From: Michael Milligan <>
Date: Wed, 19 Nov 2003 14:25:02 -0800
Message-ID: <>

As Date is want to say, "Theory is practical!" (Chapter One, Relational Database Writings 1991-1994).

IMHO, a lack of understanding of relational database theory leads directly to database designs so flawed that they can't possibly allow their application to accomplish their goals. If you don't think in terms of functional dependencies, if you don't know the trade-offs in using nulls, if you don't why you want to put some attributes in one entity and others in others, you'll be in trouble. Some people call all of this "theory". I see it as the "fundamental principles" that you'll be dead in the water without.

If you don't know what the "relational" in RDBMS means (nothing to do with foreign keys), you'll make a bunch of mistakes over and over, knowing something is wrong but not able to put your finger on what's wrong. Then you'll limp along with an unfixable application, held together with prayers, and not able to deliver performance or even the right data.

I've been doing this for 17 years and I've seen it happen more times than I like to remember. My suggestion, my strong suggestion, is to learn the theory to such an extent that you'll know why a model is good or why it's flawed. If you don't know what a good model is, how can you possibly create one?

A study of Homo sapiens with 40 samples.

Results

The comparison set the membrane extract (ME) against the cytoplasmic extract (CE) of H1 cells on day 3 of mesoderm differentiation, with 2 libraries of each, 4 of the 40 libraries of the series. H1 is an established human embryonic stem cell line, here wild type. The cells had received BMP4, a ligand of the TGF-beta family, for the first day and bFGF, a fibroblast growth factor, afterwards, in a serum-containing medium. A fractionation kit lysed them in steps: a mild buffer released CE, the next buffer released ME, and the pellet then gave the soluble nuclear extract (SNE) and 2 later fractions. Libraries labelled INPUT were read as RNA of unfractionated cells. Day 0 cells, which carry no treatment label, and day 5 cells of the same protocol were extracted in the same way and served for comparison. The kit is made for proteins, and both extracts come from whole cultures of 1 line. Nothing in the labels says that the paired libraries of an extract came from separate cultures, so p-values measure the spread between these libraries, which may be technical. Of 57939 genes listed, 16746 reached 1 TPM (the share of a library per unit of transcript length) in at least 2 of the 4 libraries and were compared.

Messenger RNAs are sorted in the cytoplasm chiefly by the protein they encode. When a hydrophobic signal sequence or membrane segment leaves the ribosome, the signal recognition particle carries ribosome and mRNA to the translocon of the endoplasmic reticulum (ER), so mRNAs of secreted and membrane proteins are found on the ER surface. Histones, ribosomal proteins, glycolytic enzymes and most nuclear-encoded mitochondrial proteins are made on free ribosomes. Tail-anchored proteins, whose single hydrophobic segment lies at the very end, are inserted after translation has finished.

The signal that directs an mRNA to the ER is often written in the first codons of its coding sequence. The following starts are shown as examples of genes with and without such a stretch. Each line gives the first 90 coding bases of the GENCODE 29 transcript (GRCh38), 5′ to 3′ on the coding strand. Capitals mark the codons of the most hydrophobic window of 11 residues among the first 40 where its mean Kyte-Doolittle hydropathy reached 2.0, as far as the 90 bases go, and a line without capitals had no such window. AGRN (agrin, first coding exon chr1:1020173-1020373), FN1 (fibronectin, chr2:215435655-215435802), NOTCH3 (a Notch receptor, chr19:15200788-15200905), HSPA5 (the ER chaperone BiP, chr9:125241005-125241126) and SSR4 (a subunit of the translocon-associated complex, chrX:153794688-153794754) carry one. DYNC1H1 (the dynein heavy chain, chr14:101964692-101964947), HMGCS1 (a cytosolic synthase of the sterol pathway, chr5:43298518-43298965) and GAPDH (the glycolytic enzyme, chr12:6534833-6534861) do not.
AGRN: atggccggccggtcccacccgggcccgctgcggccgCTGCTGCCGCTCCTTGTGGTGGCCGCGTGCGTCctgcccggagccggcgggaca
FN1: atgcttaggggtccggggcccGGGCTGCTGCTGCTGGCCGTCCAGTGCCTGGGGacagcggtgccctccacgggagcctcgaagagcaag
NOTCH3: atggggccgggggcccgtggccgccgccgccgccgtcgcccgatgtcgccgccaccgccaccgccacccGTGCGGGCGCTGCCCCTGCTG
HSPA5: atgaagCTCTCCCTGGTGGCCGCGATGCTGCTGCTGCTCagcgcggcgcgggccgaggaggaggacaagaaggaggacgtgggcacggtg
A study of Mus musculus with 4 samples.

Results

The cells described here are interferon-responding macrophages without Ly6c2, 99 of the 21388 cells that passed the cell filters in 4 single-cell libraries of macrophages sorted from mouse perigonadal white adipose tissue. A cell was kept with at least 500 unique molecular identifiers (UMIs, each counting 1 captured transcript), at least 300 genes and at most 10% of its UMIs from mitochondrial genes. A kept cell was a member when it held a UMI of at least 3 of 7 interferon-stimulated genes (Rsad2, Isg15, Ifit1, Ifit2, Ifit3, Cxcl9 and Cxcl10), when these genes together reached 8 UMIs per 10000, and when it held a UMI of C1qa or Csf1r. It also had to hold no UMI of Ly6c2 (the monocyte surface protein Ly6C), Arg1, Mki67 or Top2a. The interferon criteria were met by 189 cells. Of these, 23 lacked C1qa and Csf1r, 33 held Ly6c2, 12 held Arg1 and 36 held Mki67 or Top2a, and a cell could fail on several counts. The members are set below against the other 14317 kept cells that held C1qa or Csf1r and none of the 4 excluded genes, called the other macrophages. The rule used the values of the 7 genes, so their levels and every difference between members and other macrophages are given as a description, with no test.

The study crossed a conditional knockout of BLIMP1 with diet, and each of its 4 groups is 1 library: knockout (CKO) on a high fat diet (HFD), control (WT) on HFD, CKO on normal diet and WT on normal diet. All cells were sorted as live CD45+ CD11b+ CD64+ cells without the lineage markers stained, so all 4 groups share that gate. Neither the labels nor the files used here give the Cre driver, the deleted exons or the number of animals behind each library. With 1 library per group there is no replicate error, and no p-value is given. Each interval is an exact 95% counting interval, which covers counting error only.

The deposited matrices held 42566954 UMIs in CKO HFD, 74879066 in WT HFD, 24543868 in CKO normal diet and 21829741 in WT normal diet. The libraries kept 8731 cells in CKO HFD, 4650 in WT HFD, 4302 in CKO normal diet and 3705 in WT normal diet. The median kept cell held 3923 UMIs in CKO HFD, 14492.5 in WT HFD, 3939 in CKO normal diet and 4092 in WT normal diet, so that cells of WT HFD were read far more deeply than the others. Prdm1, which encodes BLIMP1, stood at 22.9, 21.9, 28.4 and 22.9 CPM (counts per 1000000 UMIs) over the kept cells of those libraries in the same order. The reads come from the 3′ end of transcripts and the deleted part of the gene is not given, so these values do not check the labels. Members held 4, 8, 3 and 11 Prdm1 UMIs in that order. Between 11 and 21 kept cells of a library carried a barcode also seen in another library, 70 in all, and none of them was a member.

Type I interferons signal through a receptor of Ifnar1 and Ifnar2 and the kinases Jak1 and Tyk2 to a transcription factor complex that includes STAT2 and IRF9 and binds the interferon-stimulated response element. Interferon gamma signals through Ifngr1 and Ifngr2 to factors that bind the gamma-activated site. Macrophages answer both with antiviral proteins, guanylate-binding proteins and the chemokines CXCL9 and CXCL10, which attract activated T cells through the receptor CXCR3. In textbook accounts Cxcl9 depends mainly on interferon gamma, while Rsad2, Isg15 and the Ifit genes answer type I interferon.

Data modeling is hard work. There is no shortcut for it. There is also no shortcut for learning it. But you can learn from people who understand it well and can express it well, also. In my opinion, those names include C.J. Date, Hugh Darwen, Fabian Pascal, and a number of others.

HTH Michael Milligan
Oracle DBA
Ingenix, Inc.
2525 Lake Park Blvd.
Salt Lake City, Utah 84120
wrk 801-982-3081
mbl 801-628-6058

-----Original Message-----
Sent: Wednesday, November 19, 2003 2:35 PM To: Multiple recipients of list ORACLE-L

Agreed. And I think you'll admit it's better to be familiar with and aware of the theory, even if current db products don't live up to the model 100%, so you know to bring up the kinds of issues you mention in the first place. In that sense, I think the knowledge to be gained from Date, Darwen, Pascal, etc., can be very practical.